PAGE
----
Researchers from the University of Leeds in the UKpublished the findings Monday in the journal Clinical Breast Cancer.
“Women in our study were rightfully considering the potential harms and benefits of using preventive therapy,” Samuel Smith, a researcher at the University of Leeds and lead author of the study, said in a press release. “But some beliefs about the use of medicine were very negative. This appears to be putting some women off tamoxifen, despite its proven ability to help prevent breast cancer in the long term.”
Researchers recruited 408 women to participate in the study, finding that 72 percent of the women they studied feared the long-term effects of tamoxifen and 57 percent thought it would cause negative side effects.
Further research discovered that almost 30 percent of women believed doctors prescribed excessive amounts of medicines. Nearly 25 percent of the women had bad reactions to prescription drugs.
More than 13 percent of the women studied had some concern that prescription drugs were addictive, while about 6 percent thought all drugs are poison and over 3 percent said prescription drugs could do more harm than good.
Also, almost 24 percent of the women thought that people who take medication should take a break at some point.
And the women in the study showed no demographic differences.
“It is important to determine whether preventive therapies can create or exacerbate existing inequalities in breast cancer outcomes. We have previously shown within this cohort that there are no sociodemographic differences in tamoxifen uptake,” the study read.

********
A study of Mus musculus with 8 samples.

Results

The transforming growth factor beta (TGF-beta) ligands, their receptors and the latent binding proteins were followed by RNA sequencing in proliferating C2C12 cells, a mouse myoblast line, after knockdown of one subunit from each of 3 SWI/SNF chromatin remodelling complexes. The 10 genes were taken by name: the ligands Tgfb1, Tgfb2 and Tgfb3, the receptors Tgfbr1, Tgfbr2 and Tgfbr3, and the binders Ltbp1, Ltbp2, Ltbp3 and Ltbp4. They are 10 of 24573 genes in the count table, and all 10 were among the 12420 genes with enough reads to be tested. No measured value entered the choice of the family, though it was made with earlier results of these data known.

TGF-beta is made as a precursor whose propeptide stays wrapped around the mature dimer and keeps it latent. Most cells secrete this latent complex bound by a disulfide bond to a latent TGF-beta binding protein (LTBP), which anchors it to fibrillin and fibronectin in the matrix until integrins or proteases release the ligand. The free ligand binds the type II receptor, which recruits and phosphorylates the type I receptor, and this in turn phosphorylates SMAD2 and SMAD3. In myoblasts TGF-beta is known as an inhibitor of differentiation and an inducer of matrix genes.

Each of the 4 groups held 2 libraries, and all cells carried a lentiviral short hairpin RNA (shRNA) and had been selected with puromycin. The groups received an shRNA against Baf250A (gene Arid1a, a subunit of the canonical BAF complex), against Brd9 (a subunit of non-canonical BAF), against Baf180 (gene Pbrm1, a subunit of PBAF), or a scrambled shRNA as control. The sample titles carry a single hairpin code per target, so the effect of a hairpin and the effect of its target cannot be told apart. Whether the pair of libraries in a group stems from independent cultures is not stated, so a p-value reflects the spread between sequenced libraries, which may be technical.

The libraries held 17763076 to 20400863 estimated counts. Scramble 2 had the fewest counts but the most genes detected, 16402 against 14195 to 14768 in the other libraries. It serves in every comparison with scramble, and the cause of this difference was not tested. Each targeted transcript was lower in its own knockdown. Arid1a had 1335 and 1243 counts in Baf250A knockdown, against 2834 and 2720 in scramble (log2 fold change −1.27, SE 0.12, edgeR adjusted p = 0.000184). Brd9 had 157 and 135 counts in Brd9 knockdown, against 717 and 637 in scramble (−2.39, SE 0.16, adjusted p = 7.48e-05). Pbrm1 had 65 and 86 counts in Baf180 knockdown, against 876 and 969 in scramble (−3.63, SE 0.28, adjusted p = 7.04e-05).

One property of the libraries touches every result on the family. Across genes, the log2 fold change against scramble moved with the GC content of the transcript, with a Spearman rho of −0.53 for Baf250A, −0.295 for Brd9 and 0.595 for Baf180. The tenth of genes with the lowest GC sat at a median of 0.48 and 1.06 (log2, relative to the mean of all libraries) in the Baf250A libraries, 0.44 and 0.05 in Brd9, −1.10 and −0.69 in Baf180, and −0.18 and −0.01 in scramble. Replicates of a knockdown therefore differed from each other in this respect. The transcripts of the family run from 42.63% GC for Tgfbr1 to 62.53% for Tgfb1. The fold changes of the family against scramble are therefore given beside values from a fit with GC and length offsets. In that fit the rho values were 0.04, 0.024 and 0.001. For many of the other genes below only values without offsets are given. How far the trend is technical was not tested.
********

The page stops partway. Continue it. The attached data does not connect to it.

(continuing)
Over 35 percent of the women thought doctors would prescribe fewer drugs if they spent more time with patients and 17 percent viewed natural remedies as safer alternatives to medicine.
Additionally, a follow-up questionnaire found that less than 15 percent were taking tamoxifen.
“It’s understandable that women considering taking a new medicine might have some concerns and that, for some, it won’t be the right option,” said Julie Sharp, Cancer Research UK’s head of health information. “There are some potential side effects with tamoxifen, and other medications that can help prevent cancer, but it’s vital that they have all the information, so they can make the best choice for them. If women in this situation have any questions or want more information, they can visit our website or call our cancer nurses for a chat.”